I usually smile when I hear a statement like this: “Our culture is way too …” fill in the blank “Agile just won’t work here!”

Why do I smile?  I find that people are typically referring to a common belief that in order to be “agile” an organization’s culture needs to be one of “trust”.  The belief is that an organization should trust its people to:

(1) make the right decisions, and
(2) do their best to deliver products and services that will make the business succeed.

All good stuff, very good in fact. But, good or not, its a really steep hill to climb for an organization’s culture to go from (a) low-trust: managing projects for performance against their time, cost and scope commitments while focusing on departmental efficiencies to (b) high-trust: self-managed delivery systems that act responsibly within the available time and budget.

As we see in HBR’s article on organizational culture “Culture is powerfully shaped by incentives”. As a result, we need to figure out how to (a) build trust, and (b) change the incentives. Doing this is actually fairly straight-forward if you are working with your business’ leadership and solving for their issues. What are their issues?  In most organizations, their issues are how to make and meet commitments in a way that is within their defined budget.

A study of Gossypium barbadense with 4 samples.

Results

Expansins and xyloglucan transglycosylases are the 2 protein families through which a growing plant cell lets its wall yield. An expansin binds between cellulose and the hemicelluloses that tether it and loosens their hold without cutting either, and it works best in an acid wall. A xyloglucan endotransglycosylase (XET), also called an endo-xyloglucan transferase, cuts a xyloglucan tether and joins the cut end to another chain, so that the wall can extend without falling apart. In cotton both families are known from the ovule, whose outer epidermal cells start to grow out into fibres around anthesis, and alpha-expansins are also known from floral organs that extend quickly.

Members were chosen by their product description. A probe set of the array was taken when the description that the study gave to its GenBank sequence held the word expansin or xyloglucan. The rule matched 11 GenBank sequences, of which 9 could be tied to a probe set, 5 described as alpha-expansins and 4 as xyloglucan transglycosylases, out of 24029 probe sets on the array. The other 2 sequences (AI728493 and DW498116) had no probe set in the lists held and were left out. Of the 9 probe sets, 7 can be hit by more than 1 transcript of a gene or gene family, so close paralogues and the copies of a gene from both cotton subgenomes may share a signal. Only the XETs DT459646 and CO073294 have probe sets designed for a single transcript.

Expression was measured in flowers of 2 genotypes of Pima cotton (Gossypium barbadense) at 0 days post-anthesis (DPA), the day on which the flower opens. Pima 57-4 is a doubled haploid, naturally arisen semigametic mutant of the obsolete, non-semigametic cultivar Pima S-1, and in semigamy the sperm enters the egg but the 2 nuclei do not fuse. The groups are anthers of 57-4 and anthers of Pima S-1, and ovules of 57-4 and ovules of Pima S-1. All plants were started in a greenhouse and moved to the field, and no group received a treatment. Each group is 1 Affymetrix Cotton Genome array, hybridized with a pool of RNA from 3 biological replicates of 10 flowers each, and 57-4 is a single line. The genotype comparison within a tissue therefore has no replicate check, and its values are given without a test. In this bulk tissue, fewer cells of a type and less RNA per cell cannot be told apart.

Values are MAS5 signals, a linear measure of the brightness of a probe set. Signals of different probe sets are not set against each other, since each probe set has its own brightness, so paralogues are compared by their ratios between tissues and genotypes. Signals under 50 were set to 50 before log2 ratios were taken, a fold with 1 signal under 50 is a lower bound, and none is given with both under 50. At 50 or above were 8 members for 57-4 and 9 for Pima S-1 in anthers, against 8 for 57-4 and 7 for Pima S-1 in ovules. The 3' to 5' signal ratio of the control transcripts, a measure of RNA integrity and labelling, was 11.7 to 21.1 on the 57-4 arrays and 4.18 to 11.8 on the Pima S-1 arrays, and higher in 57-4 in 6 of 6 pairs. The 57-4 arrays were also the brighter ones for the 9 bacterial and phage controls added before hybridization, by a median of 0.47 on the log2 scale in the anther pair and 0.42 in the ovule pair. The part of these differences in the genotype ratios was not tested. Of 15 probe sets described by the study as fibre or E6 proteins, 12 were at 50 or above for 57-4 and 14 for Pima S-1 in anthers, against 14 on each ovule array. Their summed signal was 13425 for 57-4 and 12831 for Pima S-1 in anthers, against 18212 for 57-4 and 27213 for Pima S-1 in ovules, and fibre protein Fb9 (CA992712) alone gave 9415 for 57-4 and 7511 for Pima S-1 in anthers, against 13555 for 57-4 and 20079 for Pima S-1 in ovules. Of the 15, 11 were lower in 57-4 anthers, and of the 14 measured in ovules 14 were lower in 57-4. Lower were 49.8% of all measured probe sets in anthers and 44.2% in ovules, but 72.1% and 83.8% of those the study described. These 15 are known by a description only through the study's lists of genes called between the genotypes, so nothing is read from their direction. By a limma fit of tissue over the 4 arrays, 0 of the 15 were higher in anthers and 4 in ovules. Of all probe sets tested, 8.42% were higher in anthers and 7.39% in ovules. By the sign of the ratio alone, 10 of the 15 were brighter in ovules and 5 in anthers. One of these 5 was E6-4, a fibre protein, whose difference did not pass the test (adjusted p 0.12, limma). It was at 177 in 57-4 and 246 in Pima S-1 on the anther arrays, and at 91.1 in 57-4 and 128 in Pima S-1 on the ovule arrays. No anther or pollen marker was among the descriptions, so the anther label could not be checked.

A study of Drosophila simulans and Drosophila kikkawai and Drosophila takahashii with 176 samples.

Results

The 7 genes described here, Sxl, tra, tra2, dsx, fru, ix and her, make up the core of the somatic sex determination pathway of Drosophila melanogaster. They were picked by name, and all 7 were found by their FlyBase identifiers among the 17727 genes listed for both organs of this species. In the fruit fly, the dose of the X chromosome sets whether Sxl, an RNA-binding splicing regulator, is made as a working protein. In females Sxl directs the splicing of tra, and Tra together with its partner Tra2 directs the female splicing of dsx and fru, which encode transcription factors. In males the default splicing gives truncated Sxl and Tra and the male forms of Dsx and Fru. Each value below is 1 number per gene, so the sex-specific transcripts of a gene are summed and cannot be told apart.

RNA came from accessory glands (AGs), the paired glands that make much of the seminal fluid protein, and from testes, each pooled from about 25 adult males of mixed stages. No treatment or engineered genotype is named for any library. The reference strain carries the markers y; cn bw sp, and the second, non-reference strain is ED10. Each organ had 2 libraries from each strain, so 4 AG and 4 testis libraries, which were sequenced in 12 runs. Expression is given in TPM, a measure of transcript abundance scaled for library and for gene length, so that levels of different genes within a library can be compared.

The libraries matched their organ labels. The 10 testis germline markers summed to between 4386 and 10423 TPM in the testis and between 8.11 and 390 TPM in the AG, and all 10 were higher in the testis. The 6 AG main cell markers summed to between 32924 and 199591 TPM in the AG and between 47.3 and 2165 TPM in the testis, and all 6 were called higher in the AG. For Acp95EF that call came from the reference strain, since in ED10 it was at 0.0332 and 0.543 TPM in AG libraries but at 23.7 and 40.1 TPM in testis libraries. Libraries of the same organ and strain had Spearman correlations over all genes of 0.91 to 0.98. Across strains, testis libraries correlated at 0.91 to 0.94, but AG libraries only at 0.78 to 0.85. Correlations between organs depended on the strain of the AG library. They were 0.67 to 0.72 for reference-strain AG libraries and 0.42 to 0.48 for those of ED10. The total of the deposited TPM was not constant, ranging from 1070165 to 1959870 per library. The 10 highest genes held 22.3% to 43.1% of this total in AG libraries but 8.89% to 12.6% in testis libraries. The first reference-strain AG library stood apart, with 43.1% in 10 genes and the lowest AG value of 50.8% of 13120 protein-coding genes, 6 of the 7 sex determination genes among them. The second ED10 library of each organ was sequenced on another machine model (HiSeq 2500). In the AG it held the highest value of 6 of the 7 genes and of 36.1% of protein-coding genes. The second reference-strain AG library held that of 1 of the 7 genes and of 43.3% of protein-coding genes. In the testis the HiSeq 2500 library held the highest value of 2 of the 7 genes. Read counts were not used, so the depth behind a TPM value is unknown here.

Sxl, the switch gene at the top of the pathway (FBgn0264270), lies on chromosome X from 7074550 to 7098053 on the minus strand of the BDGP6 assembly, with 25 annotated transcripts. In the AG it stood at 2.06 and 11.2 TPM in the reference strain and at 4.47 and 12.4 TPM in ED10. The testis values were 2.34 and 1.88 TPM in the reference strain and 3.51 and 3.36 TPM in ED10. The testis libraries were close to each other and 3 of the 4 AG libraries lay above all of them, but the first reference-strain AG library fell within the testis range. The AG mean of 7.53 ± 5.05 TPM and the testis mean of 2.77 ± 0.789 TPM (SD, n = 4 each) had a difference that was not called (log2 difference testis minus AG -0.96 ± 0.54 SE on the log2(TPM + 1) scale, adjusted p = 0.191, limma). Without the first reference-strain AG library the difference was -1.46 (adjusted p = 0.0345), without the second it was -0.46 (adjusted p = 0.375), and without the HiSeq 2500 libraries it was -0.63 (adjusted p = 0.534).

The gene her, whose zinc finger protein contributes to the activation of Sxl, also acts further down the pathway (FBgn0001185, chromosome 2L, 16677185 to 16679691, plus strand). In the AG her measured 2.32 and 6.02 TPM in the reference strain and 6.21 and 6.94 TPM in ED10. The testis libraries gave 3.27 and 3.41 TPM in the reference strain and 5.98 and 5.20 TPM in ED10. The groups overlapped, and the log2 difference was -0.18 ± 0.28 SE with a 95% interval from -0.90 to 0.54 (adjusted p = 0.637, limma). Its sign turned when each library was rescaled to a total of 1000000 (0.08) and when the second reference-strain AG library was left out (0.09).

Finding Better Ways to Meet Needs

Becoming agile isn’t about using this method or that method. It’s not even about trust. Its about creating a system that can respond to change in a way that creates safety for the business’ leadership by respecting their immediate needs.  So, instead of trying to just go out and be agile, I think we need to start with a business need and find ways to meet it while creating safety for the individuals involved. We need to create a roadmap to go from point a to b.

Most business leaders are desperate for better ways to deliver against their commitments while having the ability to adapt their plans along the way when things change. Most leaders are absolutely thrilled to trust their people; but, remember, to establish the trust we have to be willing to first make and meet commitments in a way that shows them we can be trusted.

Thoughts?


Opinions expressed by DZone contributors are their own.